So You Just Completed Your New Website. Now What?
Once a website has been completed and posted to the domain, we have a tendency to think the job is done and that Google and other search engines will do the rest. That is only partly true. Sure, if your new site is built on a search-friendly platform like WordPress, it should do better in search rankings. But if you haven’t properly optimized it for search, or if you don’t take any additional steps — like the ones below — then your brand new website may not do well in search results. Just because your site is “up” doesn’t mean people can find it.
This checklist of pre-launch and post-launch steps will help you get the most out of your new website.
- Create custom Meta Title and Meta Description tags for your most important web pages. Some themes come pre-loaded with this functionality. You can also use a popular SEO plugin like Yoast, All in One SEO, or SEOpress. Yoast is the most widely used, but it is also very robust and can get confusing for smaller sites that just want some simple SEO features. For most smaller sites, I prefer All in One SEO for its ease of use.
- NOTE: The terms used in your Title and Description tags should be geared towards the search terms people will be using to find your website. Hire a reputable web development or SEO company if you need help.
- If the website already has an existing Google Analytics account, make sure to get the code and insert it into the new website prior to launch. The code can sometimes be easily added into the theme options, or you could use a plugin like Insert Headers and Footers. If you are launching a brand new site, post the site first, then create a Google Analytics account and get the code.
- Confirm that your website hosting plan can handle the latest version of PHP. As of the writing of this post, the latest, fastest and most secure version is PHP 7.2. If you’re using a newer theme, PHP 7.2 should work. If using an older theme, check with their documentation to make sure it is supported.
- Verify that your new hosting plan can support SSL. Since 2017, Google has been using SSL (secure sockets layer), aka “https” as a search ranking factor. Non-SSL websites are now labeled as “Not Secure” in the browser bar, which might deter some visitors. If your URL shows a padlock, then SSL is running properly on your site.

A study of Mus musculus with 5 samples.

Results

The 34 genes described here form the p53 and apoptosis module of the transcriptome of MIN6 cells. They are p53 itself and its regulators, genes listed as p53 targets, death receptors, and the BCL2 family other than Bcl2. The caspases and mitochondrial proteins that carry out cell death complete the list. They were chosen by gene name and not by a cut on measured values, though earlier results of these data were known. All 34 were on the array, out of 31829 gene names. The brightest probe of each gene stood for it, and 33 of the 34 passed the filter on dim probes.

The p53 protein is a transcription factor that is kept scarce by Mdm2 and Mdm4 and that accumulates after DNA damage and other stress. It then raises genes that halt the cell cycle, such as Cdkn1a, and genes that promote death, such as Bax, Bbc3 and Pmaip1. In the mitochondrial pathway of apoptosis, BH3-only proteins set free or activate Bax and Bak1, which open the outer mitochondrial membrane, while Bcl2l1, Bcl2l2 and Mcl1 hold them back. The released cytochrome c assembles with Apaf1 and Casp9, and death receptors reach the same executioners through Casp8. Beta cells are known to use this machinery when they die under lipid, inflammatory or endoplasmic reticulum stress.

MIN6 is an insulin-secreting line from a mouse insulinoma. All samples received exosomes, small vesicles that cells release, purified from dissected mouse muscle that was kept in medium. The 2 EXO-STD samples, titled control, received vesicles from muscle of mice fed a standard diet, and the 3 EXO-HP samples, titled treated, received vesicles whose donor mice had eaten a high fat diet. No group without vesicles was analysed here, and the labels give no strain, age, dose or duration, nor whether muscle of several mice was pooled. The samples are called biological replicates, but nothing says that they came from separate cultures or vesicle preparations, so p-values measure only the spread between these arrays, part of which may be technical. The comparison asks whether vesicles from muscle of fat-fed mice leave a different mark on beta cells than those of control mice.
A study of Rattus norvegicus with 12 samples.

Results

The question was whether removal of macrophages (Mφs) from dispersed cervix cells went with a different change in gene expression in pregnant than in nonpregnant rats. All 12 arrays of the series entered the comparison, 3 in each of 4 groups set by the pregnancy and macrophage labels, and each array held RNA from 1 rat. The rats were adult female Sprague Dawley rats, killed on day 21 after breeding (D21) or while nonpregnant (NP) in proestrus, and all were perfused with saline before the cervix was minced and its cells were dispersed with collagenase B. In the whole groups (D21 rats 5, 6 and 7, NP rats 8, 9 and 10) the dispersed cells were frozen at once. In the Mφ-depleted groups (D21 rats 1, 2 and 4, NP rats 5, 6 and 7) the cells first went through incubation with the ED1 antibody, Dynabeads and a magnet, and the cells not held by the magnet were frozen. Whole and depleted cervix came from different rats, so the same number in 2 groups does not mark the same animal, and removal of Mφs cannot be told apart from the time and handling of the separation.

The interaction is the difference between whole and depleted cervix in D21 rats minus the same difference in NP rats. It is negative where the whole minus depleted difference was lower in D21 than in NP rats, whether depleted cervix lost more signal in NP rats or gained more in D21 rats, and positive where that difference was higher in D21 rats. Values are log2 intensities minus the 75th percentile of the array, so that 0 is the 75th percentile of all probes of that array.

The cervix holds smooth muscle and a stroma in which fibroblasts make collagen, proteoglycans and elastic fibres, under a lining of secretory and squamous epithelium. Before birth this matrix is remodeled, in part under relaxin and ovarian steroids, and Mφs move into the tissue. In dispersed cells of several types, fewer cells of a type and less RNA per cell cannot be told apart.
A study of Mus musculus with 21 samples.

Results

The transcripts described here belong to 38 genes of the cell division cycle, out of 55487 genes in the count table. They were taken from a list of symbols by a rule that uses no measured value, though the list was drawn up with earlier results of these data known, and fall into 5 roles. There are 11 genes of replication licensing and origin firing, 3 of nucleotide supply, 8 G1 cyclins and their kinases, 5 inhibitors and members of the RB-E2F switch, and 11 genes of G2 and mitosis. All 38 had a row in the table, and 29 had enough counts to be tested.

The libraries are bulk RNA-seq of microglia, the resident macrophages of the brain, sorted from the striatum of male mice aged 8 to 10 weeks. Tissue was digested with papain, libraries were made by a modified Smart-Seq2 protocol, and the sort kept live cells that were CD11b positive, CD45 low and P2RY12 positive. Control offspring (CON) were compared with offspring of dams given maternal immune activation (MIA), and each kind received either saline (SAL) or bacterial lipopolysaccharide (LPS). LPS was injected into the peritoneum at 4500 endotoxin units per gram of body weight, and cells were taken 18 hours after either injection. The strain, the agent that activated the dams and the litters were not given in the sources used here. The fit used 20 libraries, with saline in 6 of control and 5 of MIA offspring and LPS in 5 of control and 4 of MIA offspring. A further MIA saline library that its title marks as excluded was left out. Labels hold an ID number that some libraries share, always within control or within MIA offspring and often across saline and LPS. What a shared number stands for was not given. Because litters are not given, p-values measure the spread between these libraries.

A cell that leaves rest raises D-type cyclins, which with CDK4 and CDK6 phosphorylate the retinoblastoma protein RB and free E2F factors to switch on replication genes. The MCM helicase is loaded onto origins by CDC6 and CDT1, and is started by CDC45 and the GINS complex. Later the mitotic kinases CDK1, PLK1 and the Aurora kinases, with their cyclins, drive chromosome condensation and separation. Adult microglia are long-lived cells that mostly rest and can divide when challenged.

- Non-essential, but recommended — install the Akismet plugin on your site. The free version is fine. It helps reduce spam sent through your website forms.
- If your website is a new version of an old website, make sure to create 301 redirects for your main old webpages if they are now using new URLs. This can be done using htaccess or by using a plugin like Simple 301 Redirects. Ask your web developer if you need assistance with this, as it can get a bit complicated.
- Check all forms on your website to make sure that submissions are getting through to the proper email addresses. Occasionally, some servers will block form-generated emails.
- Use Google Search Console. This is an extremely important step. Once your site is launched, either login to your existing Google Search Console account and submit a new XML sitemap (your web developer can help with this), or, if this is a new domain, create a new Google Search Console account. Use the same email address that you used for Google Analytics so that everything is under the same account. Through Search Console, you can submit your site URL to Google.
- If you are a business or organization and you have an address, use Google My Business. This might be the most important step of all, as it gets you listed on Google Maps and allows you to receive and respond to customer reviews. There’s nothing better than showing up on a map and seeing multiple 5-Star Reviews for your business. There are a few steps to be verified with Google My Business, including having a postcard sent to your business address. Once it is setup and working, this may be the one thing that drives more business than anything else!
- Website maintenance and backups! Make sure you hire your web developer or other reputable business to manage and maintain your website. This is probably not something you’ll want to do yourself, as sometimes simply updating a plugin can crash your website. If you don’t have the know-how, experience and tools to repair the site and/or restore a recent backup, we wouldn’t recommend ever doing anything like updating a plugin, theme or WordPress core software.
Please let us know if you have any questions. Radiant Design is always here to help.